After reading these six confessions of a current Alamo car rental agent, you will learn:

  • The commission hungry mindset of a car-rental agent
  • How they’re always trying to get you to do unnecessary upgrades
  • How the cost of these upgrades are discretionary, and therefore, negotiable
  • What a “deeker” is
  • But most of all, you will learn just how much, for at least this Alamo agent, you are his absolute adversary in his battle to get you spring for costly upgrades and beef up his bonuses.

    First I’d like to let the cat out of the bag. Yes, we car rental agents do work for commissions! If we can get you to pay more for an upgrade, insurance, gasoline, a GPS, even an additional driver, we get a cut of the extra charges.

    At Alamo Rent A Car in [redacted], we are handsomely rewarded for good sales and punished if our sales are poor. The pressure this environment produces leads many of us to fine tune our skills to not only offer extras effectively and to have comebacks to all customer rejections, but to also be able to identify the customers in line as to whether they are buyers or decliners, which we call “deekers”. When a customer declines everything you’ve offered, you’ve been “deeked”. Get deeked enough times by a certain type of customer and you begin to feel resentment towards that group. Sometimes a customer can’t be identified as a buyer or deeker until you see the state or country of the driver license. Evidently some states and countries produce more deekers than others. Deekers may at times be legitimate but often they are just cheap people.

    A typical example of a deeker is the young couple with two kids, a 3-year old and a 10-month old, on-line with strollers and packing their own child safety seats. He produces his license and credit card but she does all the talking. Offer them a more comfortable or fun vehicle than the sub-compact they have reserved and she will cut you off with a “no”. She will also cut you off when you offer her the peace of mind that the insurance will give her or the convenience of prepaying for the gasoline at a discounted rate. Of course there’s also a “no” to the GPS because she’ll raise the stack of MapQuest printouts in her folder. Listening in silence is the helpless husband as he looks on while imagining driving a sporty SUV instead of the tiny economy car reserved. Enough of these deekers and you may find yourself working in the exit booth of the garage the following month. This punishment can cost you thousands of dollars!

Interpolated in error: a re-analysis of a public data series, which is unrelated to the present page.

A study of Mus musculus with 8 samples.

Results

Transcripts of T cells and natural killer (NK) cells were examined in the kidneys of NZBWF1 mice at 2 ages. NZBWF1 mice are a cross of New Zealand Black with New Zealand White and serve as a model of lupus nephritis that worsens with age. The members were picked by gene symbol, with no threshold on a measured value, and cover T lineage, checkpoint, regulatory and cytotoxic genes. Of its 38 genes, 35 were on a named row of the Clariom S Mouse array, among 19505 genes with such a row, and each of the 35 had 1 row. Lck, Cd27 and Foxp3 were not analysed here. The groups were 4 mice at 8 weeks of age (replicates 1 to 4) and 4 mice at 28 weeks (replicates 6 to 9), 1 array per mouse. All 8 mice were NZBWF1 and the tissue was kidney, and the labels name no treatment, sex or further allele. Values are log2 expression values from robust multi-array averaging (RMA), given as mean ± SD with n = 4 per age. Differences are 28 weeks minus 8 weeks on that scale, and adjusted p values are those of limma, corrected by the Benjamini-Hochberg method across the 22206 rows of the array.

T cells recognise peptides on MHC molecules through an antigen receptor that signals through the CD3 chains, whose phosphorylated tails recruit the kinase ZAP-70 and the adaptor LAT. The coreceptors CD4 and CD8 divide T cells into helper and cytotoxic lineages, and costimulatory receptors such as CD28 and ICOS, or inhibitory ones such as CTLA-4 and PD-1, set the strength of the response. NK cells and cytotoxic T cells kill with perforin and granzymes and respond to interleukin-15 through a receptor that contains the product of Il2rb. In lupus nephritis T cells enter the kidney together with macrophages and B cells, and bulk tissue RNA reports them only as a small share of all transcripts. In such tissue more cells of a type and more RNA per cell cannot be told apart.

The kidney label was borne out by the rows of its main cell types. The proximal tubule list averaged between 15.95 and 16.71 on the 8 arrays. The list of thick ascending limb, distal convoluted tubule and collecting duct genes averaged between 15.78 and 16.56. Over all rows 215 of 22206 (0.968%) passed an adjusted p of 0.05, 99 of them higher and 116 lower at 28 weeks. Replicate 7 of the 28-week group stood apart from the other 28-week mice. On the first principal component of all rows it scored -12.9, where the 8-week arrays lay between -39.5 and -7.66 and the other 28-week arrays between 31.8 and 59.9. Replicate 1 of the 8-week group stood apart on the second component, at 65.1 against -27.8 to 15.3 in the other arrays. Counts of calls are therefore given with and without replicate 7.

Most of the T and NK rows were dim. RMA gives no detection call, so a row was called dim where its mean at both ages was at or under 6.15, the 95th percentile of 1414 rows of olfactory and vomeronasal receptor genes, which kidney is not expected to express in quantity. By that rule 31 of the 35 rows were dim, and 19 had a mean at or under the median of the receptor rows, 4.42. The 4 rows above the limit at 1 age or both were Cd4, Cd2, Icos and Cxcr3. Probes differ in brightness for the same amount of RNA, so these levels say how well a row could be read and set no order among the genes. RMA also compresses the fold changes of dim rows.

First of all, you wonder how this family can fully enjoy its vacation. They are staying in a cheap motel far from the theme parks. The couple’s freedom to roam the theme parks with the kids and the strollers is limited. The kids are too young to have future memories of this trip anyway. You even wonder how this cheap couple is going to eat while on vacation. Are they going to smuggle peanut butter and jelly sandwiches into the theme parks to avoid paying the high priced foods there or are they just going to go hungry? Here’s a suggestion to those of you that fit this customer profile, leave the kids at home! Leave them with grandma or Aunt Betty and enjoy your vacation! Let your husband drive the SUV he’d like or treat yourselves to a convertible! Wander the theme parks freely and enjoy greater intimacy in a nicer hotel located closer to the parks. You’ll enjoy your vacation more and you will help me feed my family!

    I was a manager with Alamo and I quit to become a rental agent. Why? For the money. When I realized that the average rental agent was making far more than I was and agents didn’t have to put up with the stress and responsibilities of management, I resigned. As a part-time agent, I am now making more than 3 times what I was making as a full-time manager! Aside from my modest $8 hourly rate, I’m receiving about $4000 a month during the low season in sales commissions alone! I can’t wait for the high season to begin to see how much I’ll be raking in. I’m not among the best sales agents but believe it or not, the better ones make six figures. Even some part-timers are earning six figures or close to it. So now you can understand how one too many deekers can have us assigned to the exit booth in the garage and cost us thousands.

    If we make so much money, obviously many customers are paying more for our extras. Thank you very much! In particular, we love our UK customers which we affectionately call “the Brits”. When the Virgin and British Airways flights are in, the Alamo counter is full of agents. The Brits are fun folks and love upgrades. We Alamo rental agents have autonomy when it comes to the price of upgrades. There is a minimum which we must adhere to, usually $11 per day, but we can raise it to whatever we believe the customer is willing to pay. If the Brit wants an SUV instead of the midsize sedan reserved, we may charge him $11 more per day or maybe even $99 more per day. Even better, many Brits have long term rentals, 2, 3, 4 weeks or longer. The longer the rental, the better for us if the customer buys something. For instance, an upgrade of $49 per day for a 3-week rental equals a total of $1029. If the agent can average just one or two sales like this per day, he/she will get a 15% cut of the upgrade sales alone. For this one sale, that means $154.35 commission. Add 15% for all the upgrades for the month, plus say 12% of all the insurance sold, plus 4% for all the gasoline sold, plus 10% for all the GPS sold, and more for all the additional driver charges, and you’ve got yourself a pretty commission payout check for the month. Monthly commission payouts of over 10 and 15 thousand dollars are not uncommon to the top agents. Again, thank you very much to the buying customers, you are good sports.

    (Photo: oliliqui)

    Editor's Note: This article originally appeared on Consumerist.